High Court orders brain-injured woman should remain in nursing home

A brain-injured woman is to be detained in a nursing home by High Court order because of concerns about the quality of care in her home and that her husband may seek to have her discharged back there once Covid-19 restrictions are lifted.
High Court orders brain-injured woman should remain in nursing home

A brain-injured woman is to be detained in a nursing home by High Court order because of concerns about the quality of care in her home and that her husband may seek to have her discharged back there once Covid-19 restrictions are lifted.

There has been a Covid-19 outbreak in the nursing home and one Covid-19 related death but the woman’s court appointed guardian had said she is isolated in her own room and he considered the situation was being appropriately managed, the court was told.

The woman, aged in her sixties, had organic brain injury and other conditions involving a high level of care needs, Paul Brady BL, for the HSE, told Mr Justice Anthony Barr on Wednesday.

She had been cared for at home by her husband until early last February but concerns about the level of care being provided to her dated back some two years.

Those included her husband had cancelled evening visits by home carers and appeared to have gone out in the evenings, leaving the woman in her room for long periods, resulting in heavily soiled pads, Mr Brady outlined.

Other concerns included the husband had refused to co-operate with recommendations as to her care or to have her assessed for long term care and that he may be developing Alzheimer’s disease.

The concerns lead to the woman being moved, by court order, to the nursing home last month from a hospital where she was treated for an infection, counsel said. While in hospital, she had said she wanted to go home but she appears to have settled since into the nursing home, he added.

Mr Brady sought orders, in the context of an inquiry as to whether the woman should be made a ward of court, permitting her detention in the nursing home pending the wardship inquiry or further review in July.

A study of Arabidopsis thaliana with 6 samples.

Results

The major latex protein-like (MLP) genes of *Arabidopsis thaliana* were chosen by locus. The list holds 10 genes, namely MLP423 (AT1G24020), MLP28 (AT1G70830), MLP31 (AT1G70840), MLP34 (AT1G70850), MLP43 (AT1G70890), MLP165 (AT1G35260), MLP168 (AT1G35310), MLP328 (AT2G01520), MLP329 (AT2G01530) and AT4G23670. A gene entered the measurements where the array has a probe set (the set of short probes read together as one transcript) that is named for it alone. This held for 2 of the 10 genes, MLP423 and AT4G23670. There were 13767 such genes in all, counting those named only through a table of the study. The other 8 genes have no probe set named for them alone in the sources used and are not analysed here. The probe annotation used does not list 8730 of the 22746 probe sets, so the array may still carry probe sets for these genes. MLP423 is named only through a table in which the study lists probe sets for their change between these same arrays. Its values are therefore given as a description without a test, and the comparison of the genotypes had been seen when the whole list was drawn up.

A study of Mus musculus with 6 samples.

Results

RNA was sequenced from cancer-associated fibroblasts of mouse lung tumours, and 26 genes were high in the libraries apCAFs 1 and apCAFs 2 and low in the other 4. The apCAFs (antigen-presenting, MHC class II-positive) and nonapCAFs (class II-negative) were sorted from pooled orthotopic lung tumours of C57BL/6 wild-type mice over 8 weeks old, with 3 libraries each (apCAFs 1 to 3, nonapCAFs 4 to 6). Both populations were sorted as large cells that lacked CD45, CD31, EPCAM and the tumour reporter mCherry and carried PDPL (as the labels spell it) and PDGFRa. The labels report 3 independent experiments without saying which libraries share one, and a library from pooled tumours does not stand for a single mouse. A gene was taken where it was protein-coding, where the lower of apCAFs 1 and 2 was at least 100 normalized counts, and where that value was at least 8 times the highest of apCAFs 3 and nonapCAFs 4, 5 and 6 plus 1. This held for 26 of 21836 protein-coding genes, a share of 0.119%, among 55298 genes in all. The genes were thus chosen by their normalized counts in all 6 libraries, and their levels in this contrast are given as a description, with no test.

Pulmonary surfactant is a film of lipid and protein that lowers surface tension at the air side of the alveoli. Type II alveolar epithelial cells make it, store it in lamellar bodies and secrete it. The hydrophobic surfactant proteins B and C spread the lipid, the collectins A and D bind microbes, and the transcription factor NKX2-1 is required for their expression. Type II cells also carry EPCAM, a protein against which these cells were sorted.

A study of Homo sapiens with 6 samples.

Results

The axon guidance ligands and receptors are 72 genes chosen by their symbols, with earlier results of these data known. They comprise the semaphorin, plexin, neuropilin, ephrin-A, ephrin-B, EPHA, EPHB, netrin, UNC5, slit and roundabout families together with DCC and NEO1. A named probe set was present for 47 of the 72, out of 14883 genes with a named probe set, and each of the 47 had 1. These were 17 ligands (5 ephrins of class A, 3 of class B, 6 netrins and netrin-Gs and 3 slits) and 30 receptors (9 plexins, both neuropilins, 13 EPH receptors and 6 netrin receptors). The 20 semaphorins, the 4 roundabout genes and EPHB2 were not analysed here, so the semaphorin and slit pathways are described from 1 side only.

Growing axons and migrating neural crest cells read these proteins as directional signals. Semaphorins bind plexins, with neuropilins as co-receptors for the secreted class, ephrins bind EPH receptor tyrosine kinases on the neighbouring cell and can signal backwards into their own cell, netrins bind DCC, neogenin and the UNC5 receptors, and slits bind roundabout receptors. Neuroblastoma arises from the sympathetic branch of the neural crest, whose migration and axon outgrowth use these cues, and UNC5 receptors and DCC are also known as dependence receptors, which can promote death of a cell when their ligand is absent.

Two medical reports concerning the woman's capacity to make decisions had been provided for the inquiry, he said.

The woman's court-appointed guardian was not in a position to attend this court hearing but had provided a report supporting the HSE's application.

While her husband appears happy for her to stay in the nursing home for the time being, there is concern he may try to take her home once the Covid-19 restrictions are removed and the professionals involved in her care believe that is not in her best interests, Mr Brady said. Her GP had reported her condition has been satisfactory since she went to the nursing home.

Mr Justice Barr said two things were very clear from the most recent report from a court-appointed independent medical visitor who assessed the woman.

These were that the woman lacks capacity at this time to make decisions concerning her own welfare and her husband may seek her discharge back home which could be very much against her best interests in terms of her health, welfare and maintenance, he said.

On foot of the evidence, he would make the orders sought, he said.

If the Covid-19 situation worsens in the nursing home, a home return for the woman "may be the lesser of two evils", the judge added. He granted liberty to apply if evidence indicated "extreme circumstances" which made home the "least worst" option.

For now, he was satisfied, on the evidence, her health is best served by leaving her where she is, he said.